Aching joints, bones, muscles, tendons and ligaments can significantly impact the quality of life for people with musculoskeletal (MSK) conditions and while the pain isn’t always visible, new research highlights just how debilitating these conditions really are.
MSK conditions are now the second leading global cause of years lived with a disability, behind stroke and heart disease. They’re also the 19th cause of early death globally, and the recent analysis of 183 countries found that Australians have the highest burden of MSK pain.
The study, published in the Annals of Rheumatic Diseases Journal, shows there’s been a sharp rise in the number of MSK diagnoses since the year 2000 but that healthcare systems tend to overlook MSK conditions because they’re rarely fatal and largely irreversible.
Researchers aimed to analyse the true extent of MSK conditions worldwide and their impact on illness and death by using Global Health Estimates data for the causes of 23 different categories of disability for 183 countries from the World Health Organisation from the year 2000 to 2015.
The study also calculated disability adjusted life years (DALYs) – the sum of years of potential life lost due to premature death and the years of productive life lost due to disability. Researchers noticed a significant increase in MSK DALYs since the year 2000, increasing by 30 per cent from 80.2 million in 2000 to 107.8 million in 2015. In the same period, years of productive life lost increased from 2.8 million to 4.1 million.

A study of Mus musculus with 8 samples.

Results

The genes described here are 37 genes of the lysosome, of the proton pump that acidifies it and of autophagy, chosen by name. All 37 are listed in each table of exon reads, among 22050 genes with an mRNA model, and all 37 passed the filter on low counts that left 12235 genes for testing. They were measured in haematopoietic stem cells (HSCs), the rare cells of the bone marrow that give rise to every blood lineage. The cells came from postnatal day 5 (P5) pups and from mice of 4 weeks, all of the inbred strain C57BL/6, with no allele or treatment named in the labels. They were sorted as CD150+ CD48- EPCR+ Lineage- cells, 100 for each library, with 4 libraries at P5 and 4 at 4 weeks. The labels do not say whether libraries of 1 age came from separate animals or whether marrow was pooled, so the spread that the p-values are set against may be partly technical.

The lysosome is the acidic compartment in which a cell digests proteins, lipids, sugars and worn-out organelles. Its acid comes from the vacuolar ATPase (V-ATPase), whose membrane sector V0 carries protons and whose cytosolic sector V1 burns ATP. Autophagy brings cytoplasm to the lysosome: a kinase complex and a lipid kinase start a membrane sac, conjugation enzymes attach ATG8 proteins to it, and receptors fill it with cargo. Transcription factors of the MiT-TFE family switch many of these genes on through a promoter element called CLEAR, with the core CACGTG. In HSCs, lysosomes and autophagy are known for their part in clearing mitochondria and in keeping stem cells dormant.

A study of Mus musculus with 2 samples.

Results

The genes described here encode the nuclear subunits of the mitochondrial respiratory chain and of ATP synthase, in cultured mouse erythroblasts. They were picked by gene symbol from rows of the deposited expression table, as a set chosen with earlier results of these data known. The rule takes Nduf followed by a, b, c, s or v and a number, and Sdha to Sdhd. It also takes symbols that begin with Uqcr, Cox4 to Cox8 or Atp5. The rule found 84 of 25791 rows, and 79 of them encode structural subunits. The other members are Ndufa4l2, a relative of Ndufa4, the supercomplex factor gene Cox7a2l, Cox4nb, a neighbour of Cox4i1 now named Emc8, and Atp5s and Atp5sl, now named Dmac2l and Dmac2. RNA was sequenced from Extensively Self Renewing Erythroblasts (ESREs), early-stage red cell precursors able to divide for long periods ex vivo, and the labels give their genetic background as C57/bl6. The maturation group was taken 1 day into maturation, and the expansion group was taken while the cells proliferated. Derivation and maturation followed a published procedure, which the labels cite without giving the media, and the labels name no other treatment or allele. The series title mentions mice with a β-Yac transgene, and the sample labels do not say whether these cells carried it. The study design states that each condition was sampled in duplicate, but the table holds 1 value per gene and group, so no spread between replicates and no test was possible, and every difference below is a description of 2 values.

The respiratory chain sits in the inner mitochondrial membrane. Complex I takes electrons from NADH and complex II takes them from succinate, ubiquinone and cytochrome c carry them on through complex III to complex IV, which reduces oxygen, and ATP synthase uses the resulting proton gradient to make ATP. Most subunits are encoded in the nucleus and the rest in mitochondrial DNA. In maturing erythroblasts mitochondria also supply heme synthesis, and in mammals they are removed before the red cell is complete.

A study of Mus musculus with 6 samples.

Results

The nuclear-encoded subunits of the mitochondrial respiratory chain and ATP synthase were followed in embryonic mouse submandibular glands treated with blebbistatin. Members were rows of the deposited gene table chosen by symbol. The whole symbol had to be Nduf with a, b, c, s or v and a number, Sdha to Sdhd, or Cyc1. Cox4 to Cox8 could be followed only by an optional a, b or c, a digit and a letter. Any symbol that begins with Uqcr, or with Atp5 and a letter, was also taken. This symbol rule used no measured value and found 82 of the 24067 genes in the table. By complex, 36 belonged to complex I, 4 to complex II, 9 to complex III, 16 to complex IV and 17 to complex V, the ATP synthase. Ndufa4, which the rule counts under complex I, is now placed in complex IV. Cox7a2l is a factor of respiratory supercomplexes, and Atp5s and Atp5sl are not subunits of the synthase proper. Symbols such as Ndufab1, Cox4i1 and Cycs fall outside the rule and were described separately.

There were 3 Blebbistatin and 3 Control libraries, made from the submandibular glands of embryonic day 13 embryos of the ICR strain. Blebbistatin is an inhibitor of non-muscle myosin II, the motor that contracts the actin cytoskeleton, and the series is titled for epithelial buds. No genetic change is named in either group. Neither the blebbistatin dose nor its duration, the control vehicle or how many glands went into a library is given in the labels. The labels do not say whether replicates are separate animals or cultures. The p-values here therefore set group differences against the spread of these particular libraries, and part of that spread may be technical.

Australia had the highest proportion of DALYs due to MSK diseases with 9.8 per cent of total DALYs. Europe’s average DALYs caused by MSK conditions was 6.5 per cent, compared to 4.5 per cent in the Americas, just over 4 per cent in Asia and 1.3 per cent in Africa. The country with the lowest proportion of MSK DALYs in 2015 was Somalia with just 0.6 per cent.
In addition to the pain these conditions cause people, there’s also a financial impact on countries, particularly where aches and pains prevent people from working. Researchers believe an ageing population is partly behind the increase and that socioeconomic background can impact MSK disease burden.
Due to the study being observational, researchers weren’t able to establish the cause of MSK disease, but stressed the global burden has increased since the start of the millennium.
“These results are crucial to rheumatologists, and to policy makers and national healthcare systems to implement future adjustments to health plans,” the authors wrote.
It’s always important to talk to a doctor or health professional about the best ways of managing musculoskeletal pain.